Ralph Nader, America’s indomitable public citizen, is the one great man in this presidential election. He has inspired more, done more and stood for more over the past decades than the other candidates put together. And his searing indictment of our corporate-dominated, money-drenched politics is surely a message people need to hear. But the Nader presidential campaign rests on strategic assumptions that are wrongheaded. And liberals and progressives should think twice before casting a vote for Nader in any state that is contested this fall.
A Nader vote assumes that there is no significant difference between the two major parties. Nader says he’s not a spoiler because “you can’t spoil a system that’s spoiled to the core.” With Gore against Bush, two sons of privilege, the stiff and the smirk, the presidential race can easily be painted as a choice, in Jim Hightower’s words, between Tweedledum and Tweedledumber. But what appear to be insignificant choices can have dramatic consequences. In fact, as conservative columnist Paul Gigot has argued, this may be the most determining ideological contest since Reagan’s election in 1980. With the House up for grabs in a handful of closely contested seats, routine presidential coattails make this virtually a winner-take-all election. If Bush wins the presidency, Republicans are also likely to control both houses of Congress and the Supreme Court for a generation. If Gore wins, Democrats are odds-on favorites to take back control of the House, if not the Senate, and gain a moderate majority on the Court.
Beneath the happy talk, Bush seeks a mandate for the radical reforms left on the conservative agenda: partial privatization of Social Security, which would cut guaranteed benefits to younger workers; turning Medicare into a voucher program, which also masks a cut in guarantees; using public school funds for vouchers to private schools. He stumps for a large tax cut, primarily for the wealthy, crippling the opportunity to deal with cities, poverty, the environment. These would shred much of what is left of the social contract, while proclaiming the magic of markets. Other than the tax cuts, these proposals are far more radical than anything Reagan dared to propose.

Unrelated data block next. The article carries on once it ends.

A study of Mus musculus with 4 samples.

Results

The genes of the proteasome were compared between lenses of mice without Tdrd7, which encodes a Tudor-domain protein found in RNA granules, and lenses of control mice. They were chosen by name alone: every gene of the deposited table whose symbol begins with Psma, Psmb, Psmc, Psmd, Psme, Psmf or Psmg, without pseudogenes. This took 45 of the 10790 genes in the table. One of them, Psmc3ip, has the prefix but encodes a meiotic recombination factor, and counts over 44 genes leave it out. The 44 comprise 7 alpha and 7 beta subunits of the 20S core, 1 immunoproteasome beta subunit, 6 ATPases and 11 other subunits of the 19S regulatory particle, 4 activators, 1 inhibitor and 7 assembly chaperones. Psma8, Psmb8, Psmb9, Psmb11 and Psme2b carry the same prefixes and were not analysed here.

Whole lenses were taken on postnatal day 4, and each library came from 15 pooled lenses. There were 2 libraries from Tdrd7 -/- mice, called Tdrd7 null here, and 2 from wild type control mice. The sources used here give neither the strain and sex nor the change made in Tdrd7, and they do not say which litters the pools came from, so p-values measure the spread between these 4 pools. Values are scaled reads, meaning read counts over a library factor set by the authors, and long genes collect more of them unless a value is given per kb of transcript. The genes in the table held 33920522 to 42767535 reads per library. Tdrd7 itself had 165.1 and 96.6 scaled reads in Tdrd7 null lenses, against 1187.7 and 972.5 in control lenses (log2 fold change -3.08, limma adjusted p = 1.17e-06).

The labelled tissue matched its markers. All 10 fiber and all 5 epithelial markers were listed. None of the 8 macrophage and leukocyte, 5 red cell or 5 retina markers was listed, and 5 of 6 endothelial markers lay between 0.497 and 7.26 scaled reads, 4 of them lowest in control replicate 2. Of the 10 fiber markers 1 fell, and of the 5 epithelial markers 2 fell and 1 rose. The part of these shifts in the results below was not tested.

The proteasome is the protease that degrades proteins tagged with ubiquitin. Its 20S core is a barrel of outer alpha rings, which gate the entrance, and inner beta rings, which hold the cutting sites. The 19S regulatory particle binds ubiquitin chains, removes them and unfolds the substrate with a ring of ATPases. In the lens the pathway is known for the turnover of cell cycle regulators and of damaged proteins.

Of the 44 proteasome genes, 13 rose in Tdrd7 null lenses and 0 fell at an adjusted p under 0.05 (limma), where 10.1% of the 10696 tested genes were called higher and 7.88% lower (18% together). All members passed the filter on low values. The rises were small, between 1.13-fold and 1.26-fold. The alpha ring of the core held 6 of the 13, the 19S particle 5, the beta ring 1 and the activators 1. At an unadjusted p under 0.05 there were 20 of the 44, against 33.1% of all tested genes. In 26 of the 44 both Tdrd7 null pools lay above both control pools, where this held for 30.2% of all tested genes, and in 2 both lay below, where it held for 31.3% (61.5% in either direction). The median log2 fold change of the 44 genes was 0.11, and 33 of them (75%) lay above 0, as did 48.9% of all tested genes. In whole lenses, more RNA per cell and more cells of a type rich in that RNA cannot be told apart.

If elected, Bush will have a mandate and a majority to enact the reforms. Worse, he’ll get bipartisan cover from the New Democrats, the money wing of the Democratic Party. He’s also for negating the minimum wage, leaving it to the states; dismantling environmental regulation; repealing affirmative action; limiting a woman’s right to choose; and generally fronting for the corporate leveraged buyout of government. Think of the Gingrich Congress without Clinton’s veto. That’s why corporations are flooding the Republican Party with record contributions. They know who is the better buy.
Gore is hardly a tribune of the working man and Lieberman has endorsed much of the Bush agenda. But they will campaign against it, and for greater investment in education, health care, children. Assuming the Democrats retake the House, liberal committee chairs in the House will challenge Gore’s timidity–and fight to stiffen his backbone. Progressive movements for the working poor, the environment and economic justice will have receptive allies who can hold hearings, move legislation and force votes–even in a Congress that still has an operating conservative majority. And on globalization, there is a difference between a Congress led by Hastert and DeLay and one led by Gephardt and Bonior. The lesser evil is less.